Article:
She Said/Then He Said: The Hairdresser Conundrum
An advice blogumn by Andy Allen and Kalimba Bennett
Dear She Said/Then He Said,
What is a graceful way to shut down a conversation without appearing rude? I love my hair stylist, and don’t want to go through the trouble of finding another one. But she wants to talk—ABOUT NOTHING—for the whole hour. It’s exhausting and makes me want to smash my face in her cutting mirror. Pretending to read Radar Magazine does not deter her.
Sick of Small Talk
Dearest Sick of Small Talk,
I don’t know a soul that hasn’t encountered a Chatty Cathy in a hair salon. Doesn’t your hairdresser see the magazine you bury your head into the second she opens her blabber mouth? The truth is this – No, she doesn’t. And … she never will. She just loves talking too much and she doesn’t care if you like it or not.
Now, you can keep smiling and nodding while the voice inside your head is screaming “SHUT UP!!!!!” or you can try a technique I call Painful Honesty aka “saying what’s on your mind.”
The “pain” part is on your end because it’s often so hard to say the thing we are thinking. But PH doesn’t require rudeness it just requires expressing honestly what people might not want to hear. There’s a difference.
Stylist: What do you think about this Sarah Palin character?
You: I’m not paying you to spit in my hair, I’m paying you to cut it. Now, shut it and put those scissors to work, bitch!
Now Painful Honesty at its finest after the jump:
Stylist: What do you think about this Sarah Palin Character?
You: She’s … okay… listen, Cathy. I have –
Stylist: She needs a make-over.
You: Cathy, I’ve really been looking forward to coming here and having some quiet time. Would it be okay if I just read my magazine while you work your magic?
Even though Cathy will be agreeable, it will be awkward at first. Cathy will begin to wonder what her mouth is for if not for talking. That’s Cathy’s problem. You stick with it. You asked for what you wanted without putting ANY blame on her. That’s the key. In fact, you even included her in the decision making process and told her she’s a magic maker. Genius! Now Cathy feels like she’s gifting you your silence and you get to read your Radar in peace. Next time you’ll probably have to practice PH again…you know Cathy! But, it won’t hurt as bad because you’ve already set a precedence for asking for what you want.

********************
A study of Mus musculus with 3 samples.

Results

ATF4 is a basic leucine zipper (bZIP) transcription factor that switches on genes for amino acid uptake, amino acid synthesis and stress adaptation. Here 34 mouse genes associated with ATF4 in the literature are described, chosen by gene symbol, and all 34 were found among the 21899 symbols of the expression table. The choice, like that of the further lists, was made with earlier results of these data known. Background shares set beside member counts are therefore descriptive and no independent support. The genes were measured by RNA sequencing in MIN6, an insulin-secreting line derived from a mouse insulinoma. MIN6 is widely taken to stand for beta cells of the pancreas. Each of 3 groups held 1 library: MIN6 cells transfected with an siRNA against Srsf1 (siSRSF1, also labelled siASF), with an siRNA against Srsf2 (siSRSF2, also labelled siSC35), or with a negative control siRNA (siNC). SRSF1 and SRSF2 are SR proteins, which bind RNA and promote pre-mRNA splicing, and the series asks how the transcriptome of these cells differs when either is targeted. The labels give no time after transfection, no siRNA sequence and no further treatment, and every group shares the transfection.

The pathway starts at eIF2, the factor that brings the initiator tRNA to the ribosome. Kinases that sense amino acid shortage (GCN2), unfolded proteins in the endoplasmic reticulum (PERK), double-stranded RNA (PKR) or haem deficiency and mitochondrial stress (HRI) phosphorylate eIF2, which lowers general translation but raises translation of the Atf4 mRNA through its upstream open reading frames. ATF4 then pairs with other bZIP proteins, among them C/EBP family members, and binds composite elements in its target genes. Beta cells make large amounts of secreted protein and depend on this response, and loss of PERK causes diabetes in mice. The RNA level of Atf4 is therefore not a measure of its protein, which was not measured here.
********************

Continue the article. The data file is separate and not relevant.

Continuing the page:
Then HE Said::
Dear Sick of Small Talk,
I have bad news for you. Expecting your hairdresser to be quiet throughout the duration of the hour you spend together each month is not acceptable to me.
You’re asking me to give you a non rude way to do a very rude thing. Why would you want to silence another human being? She is not a robot with two buttons on her, one labeled “conversation,” and the other labeled “no conversation,” depending on your mood. Your hairstylist is a human being, trying to get through her work day and performing a great service for you while she’s at it. As far as I know, a hairstylist who gets it just right, every time, is a hard thing to find. Also, she’s already at her job, so why make anything worse for her by asking her to conform to the way you would like her to be?
Enduring her shallow conversation is part of the price you have to pay both for having a great hairstylist and also for leaving your house and going out into a public place and interacting with another person. Human beings are not perfect. If you don’t want to deal with their imperfections, you’ll have to learn to cut your own hair.
I’m sorry, but I won’t assist you in finding a clever way to manipulate her into silence. If I were you, I would take a more active role in the conversations that you have with her and learn to steer them in directions that are more satisfying for you. You certainly have that right.
I think that if you do this, then one of two things will happen…
1) You will find yourself enjoying her company, or
2) it will become obvious to her that she is not compatible in conversation with the real you and she will engage you less in the future.